Infinera’s Fallon: 40G opportunity limited while carriers wait for 100G

Besides discussing his company’s fiscal second quarter performance in a call with analysts late July 19, Infinera (NASDAQ:INFN) President and CEO Tom Fallon offered a few observations on the relative market demand for 40-Gbps and 100-Gbps systems.

Besides discussing his company’s fiscal second quarter performance in a call with analysts late July 19 (see "Infinera 2Q revenues at upper end of guidance; 3Q guidance positive"), Infinera (NASDAQ:INFN) President and CEO Tom Fallon offered a few observations on the relative market demand for 40-Gbps and 100-Gbps systems.

Fallon told those on the call that he supported the view of those analysts who have predicted “an optical ramp” that would start next year and continue through 2013 with the deployment of coherent-enabled 100-Gbps technology. (For an example of such an analyst viewpoint, see “Infonetics: Optical reboot sees swift shift to 100G.”) Conversely, 40-Gbps will see deployment as a “tactical bridge” between current fiber exhaust at 10 Gbps and the time when 100-Gbps technology becomes economically attractive in 2013.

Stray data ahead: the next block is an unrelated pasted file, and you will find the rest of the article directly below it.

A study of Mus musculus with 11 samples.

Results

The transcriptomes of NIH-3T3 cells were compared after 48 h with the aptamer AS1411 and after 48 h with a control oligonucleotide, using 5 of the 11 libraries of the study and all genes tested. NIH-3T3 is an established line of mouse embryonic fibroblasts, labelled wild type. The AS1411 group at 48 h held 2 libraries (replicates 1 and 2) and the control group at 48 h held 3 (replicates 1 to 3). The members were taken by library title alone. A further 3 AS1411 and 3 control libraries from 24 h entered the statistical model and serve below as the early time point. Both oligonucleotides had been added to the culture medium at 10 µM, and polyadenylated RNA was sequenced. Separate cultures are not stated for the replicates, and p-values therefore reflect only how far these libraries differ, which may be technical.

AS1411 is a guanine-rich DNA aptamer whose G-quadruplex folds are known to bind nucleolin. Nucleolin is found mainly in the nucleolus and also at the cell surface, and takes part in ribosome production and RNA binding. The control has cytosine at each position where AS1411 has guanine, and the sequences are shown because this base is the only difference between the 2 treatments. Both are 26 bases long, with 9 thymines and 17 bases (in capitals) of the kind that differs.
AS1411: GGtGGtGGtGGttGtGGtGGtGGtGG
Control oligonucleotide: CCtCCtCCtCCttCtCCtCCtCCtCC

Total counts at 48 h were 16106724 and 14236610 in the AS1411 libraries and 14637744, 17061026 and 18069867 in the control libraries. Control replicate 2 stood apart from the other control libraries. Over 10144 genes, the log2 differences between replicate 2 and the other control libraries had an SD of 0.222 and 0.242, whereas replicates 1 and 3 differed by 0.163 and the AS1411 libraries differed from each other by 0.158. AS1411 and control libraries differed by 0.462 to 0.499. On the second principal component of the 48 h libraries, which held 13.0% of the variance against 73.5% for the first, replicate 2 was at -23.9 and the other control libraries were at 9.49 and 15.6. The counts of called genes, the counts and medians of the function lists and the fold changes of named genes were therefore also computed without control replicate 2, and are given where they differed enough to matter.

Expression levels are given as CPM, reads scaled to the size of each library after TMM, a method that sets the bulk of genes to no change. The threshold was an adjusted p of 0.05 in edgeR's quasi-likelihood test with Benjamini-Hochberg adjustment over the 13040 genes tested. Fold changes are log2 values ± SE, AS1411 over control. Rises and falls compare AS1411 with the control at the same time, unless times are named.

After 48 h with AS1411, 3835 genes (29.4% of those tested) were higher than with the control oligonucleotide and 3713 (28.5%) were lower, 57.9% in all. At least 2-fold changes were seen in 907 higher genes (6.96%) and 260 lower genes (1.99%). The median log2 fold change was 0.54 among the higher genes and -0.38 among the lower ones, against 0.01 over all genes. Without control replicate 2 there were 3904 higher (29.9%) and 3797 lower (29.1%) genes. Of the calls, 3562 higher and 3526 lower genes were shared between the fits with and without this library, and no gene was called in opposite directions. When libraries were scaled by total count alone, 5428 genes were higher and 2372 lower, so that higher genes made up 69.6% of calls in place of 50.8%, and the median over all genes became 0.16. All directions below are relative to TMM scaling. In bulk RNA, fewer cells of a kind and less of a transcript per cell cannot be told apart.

However, that doesn’t mean there isn’t money to be made in selling 40-Gbps technology -- or, in the case of Infinera, not losing it. There is significant demand for 40-Gbps capabilities now, Fallon says – and, since Infinera is only now bringing a 40-Gbps line card to market, the company has had to cut prices on its 10-Gbps offerings to forestall potential customers who want to move to a higher data rate from going somewhere else, both Fallon and CFO Ita Brennan said on the call. Fallon also added that analysts tell him that 50% of the 40-Gbps market resides in requirements for non-coherent 40-Gbps systems in China, where the move to 100 Gbps is expected to be slower than in the West. The result is a potential market size of well over $1 billion over the next few years, Fallon said later in the call. He expects Infinera to prosper from 40-Gbps deployments for submarine network applications in particular, he added.

That said, Fallon believes that the majority of carriers want to move to 100-Gbps systems as quickly as feasible. Once the 100-Gbps wave hits, it will wash away at least some demand for 40-Gbps technology, he said. Fallon expects Infinera to be ready to ride that wave, as he predicted carrier lab trials of Infinera’s 100-Gbps systems (which will leverage a new 500 Gbps photonic integrated circuit) will begin at the start of next year. He expects to be able to ship such systems in volume during the first half of 2012.

For more information on high-speed transmission systems and suppliers, visit the Lightwave Buyers Guide.